Jan062013

How To Memorize a Jazz Standard

Many of my jazz guitar students ask me how to learn jazz. Most will say it all seems overwhelming and that there's a lot to learn. Still, most of the time my answer is the same. My advice is to learn a jazz standard. It seems obvious but there are many benefits including a deeper understanding of melody and chord progression.

After knowing this, sometimes we may still have a hard time learning the song. I too have stuggled to memorize songs and over many years of trying, asking and learning from different mentors - here are some of the key elements that helped me. 

Here are 4 steps to memorize a jazz standard:

1. Study the song form

Songs use repetition to create familiarity and variation to create interest. In jazz, typical songforms are AABA, ABAC, ABCD and sometimes ABA. Most jazz standards are 32-bar forms or in the case of blues, typically 12-bar forms.

Write the song form and details such as:

  • an analysis of the chords and key areas  
  • when a particular riff or melodic phrase appears and reappears

PRO-TIP: Create multiple copies of the lead sheet of a song you’re working on and analyze the form in different ways. There might be more than one way of looking at it!

2. Study the harmony

  • Does the song stay in one key? Does it moves through many keys?
  • Is it in a major key or minor key or both? Is it modal?
  • Is it pretty static or does it change chords every two beats?
  • What is similar between two chords that seem so different?

By thinking about the harmony and figuring ways to voice-lead and connect chords - the song will be more a part of you.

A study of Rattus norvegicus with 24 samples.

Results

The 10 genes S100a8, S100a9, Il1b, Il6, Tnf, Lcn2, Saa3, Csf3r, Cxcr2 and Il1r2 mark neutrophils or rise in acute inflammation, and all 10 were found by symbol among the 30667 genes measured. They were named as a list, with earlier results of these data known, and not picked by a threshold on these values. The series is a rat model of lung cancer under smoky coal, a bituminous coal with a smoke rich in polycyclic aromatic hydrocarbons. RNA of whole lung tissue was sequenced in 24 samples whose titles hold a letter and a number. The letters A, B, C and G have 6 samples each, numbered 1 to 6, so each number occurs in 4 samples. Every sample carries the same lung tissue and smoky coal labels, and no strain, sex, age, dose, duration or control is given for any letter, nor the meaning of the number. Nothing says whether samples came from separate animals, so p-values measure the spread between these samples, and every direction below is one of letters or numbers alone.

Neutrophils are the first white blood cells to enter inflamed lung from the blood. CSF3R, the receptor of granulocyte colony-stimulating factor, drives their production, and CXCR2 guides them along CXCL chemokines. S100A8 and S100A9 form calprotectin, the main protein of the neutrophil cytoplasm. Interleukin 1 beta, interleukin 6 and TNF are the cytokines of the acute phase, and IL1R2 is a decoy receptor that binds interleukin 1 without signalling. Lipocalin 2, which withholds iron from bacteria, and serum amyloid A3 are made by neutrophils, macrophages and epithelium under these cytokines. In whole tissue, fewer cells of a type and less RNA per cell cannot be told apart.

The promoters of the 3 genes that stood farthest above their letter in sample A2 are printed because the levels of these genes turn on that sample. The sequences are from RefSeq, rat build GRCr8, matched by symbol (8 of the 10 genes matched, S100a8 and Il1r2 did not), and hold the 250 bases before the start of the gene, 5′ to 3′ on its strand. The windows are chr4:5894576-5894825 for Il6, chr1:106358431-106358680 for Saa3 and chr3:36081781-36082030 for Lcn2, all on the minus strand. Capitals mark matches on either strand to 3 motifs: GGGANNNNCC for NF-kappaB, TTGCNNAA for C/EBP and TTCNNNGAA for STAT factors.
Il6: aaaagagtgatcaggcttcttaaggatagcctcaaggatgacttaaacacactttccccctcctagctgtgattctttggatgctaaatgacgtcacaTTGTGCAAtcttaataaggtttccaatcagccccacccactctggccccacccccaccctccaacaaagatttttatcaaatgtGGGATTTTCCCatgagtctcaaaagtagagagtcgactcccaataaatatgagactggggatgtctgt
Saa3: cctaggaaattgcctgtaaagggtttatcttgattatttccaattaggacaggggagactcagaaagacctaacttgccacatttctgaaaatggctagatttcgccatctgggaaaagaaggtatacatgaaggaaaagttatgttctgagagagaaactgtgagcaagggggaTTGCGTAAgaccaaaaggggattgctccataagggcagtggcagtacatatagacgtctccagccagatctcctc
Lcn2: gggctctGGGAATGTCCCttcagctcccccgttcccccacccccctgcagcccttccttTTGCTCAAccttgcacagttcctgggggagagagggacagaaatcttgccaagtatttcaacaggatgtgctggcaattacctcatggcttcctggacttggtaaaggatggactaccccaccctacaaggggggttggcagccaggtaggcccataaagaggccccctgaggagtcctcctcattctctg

PRO-TIP: Memorize the chord progression in phrases, usually 2 or 4-bars at a time. Then, connect these fragments into longer sections of 8-bars and then 16-bars until you've memorized the chords for entire piece.

3. Study the melody

Same thing like the way we looked at the harmony. In fact, we should probably study the melody and memorize it first before looking at the harmony!

Study how the phrases are constructed:

  • Are they long? Are they short?
  • Do they have a call and response type of idea?
  • Are the phrases balanced or not?

PRO-TIP: Here's something I learned from master jazz educator Hal Crook: memorize the pitches of the melody first so you can understand the contour of the melody. Then, work on the rhythm. After that, try it the other way around, i.e. learn the rhythm first and the pitches second.

4. Study the rhythms

  • Are there repeating rhythmic ideas?
  • Is is very heavy on the downbeat?
  • Is there a lot of syncopation?
  • Where are these syncopations?

PRO-TIP: Some songs are driven more by the rhythm and groove. When this is the case, learn the groove first and be one with it. This will make everything else come together easier.

Hope these steps help you in your journey learning jazz. Remember to have fun and enjoy the process!

I’ll be starting a new series of free online guitar tips for jazz, beginner & fingerstyle guitarists this year. It’s 2013 and it’s the year of epic guitar.

Stay tuned! =)

Related Posts: 
[BLOG POST] 7 Things For Jazz Guitarists To Practice 
[BLOG POST] The B.O.P. of Learning
[VIDEO LESSON] How Do I Understand Modes?